FASTRUMOURS
information update

See the bright ‘evening star’ Venus swing by the crescent moon tonight

The bright “evening star” Venus will be hard to miss this week, as the planet reaches its greatest brightness of the year on Tuesday (April 28). But first the planet will make a close approach to the crescent moon.

Today (April 27) the waxing crescent moon will be in conjunction with Venus, meaning the objects share the same celestial longitude and will appear close together in the sky.

The moment of conjunction occurs at 11:23 a.m. EDT (1523 GMT), and you can spot them above the southwestern horizon after sunset. The moon will be about 6 degrees south of Venus in the constellation of Taurus, the bull.


Although the conjunction occurs during the daytime, when most celestial objects are rendered invisible by sunlight, Venus is so bright that you can actually see it in broad daylight — if you know where to look. But the pair will be much easier to see once the dusk fades. Venus, which rises a couple hours after sunrise, will set tonight at 11:28 p.m. local time in New York City, just four minutes before the moon sets, according to timeanddate.com.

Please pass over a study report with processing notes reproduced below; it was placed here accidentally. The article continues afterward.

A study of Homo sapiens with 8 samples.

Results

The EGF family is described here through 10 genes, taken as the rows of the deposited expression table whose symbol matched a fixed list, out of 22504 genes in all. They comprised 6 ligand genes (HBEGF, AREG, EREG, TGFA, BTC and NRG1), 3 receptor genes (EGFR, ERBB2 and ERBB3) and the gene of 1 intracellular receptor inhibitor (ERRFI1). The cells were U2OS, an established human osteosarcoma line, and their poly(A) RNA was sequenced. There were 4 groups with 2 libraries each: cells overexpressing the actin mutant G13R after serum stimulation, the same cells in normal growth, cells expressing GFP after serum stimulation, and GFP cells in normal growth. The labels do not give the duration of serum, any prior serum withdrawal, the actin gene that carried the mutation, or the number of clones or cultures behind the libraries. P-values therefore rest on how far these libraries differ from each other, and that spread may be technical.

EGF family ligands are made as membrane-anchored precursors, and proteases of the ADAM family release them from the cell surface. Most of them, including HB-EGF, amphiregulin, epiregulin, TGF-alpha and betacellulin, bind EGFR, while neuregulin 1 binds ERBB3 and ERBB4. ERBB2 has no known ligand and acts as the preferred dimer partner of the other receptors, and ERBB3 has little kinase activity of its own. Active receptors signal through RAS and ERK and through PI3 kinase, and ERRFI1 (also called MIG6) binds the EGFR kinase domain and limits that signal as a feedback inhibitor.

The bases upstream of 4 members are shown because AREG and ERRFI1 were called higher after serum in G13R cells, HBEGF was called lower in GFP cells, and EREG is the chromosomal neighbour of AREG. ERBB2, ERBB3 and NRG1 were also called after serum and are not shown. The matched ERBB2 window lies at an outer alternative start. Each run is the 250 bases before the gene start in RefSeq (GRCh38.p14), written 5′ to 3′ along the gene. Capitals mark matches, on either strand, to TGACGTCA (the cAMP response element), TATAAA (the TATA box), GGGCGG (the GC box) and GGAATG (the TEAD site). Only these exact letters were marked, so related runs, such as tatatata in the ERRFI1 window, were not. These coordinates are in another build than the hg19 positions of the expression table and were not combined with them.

On April 28, Venus will achieve its “greatest illuminated extent” for this year’s evening apparition. That terminology describes the optimum combination of the approaching planet’s apparent disk size (38 arc seconds) and its illuminated phase. That evening, Venus will shine at a spectacular magnitude –4.73. Its 27% illuminated crescent phase (inset) will be apparent in any telescope or spotting scope, good binoculars — or even to very sharp, unaided eyes.

At its brightest, the planet will be shining at a magnitude of -4.7. (Magnitude is a measurement of brightness used by astronomers, with lower numbers denoting brighter objects. Negative numbers denote exceptionally bright objects.)


After this week, the bright “evening star” will slowly start to dim again before the planet disappears in the sun’s glare at the end of May. It will reappear in early June as a “morning star.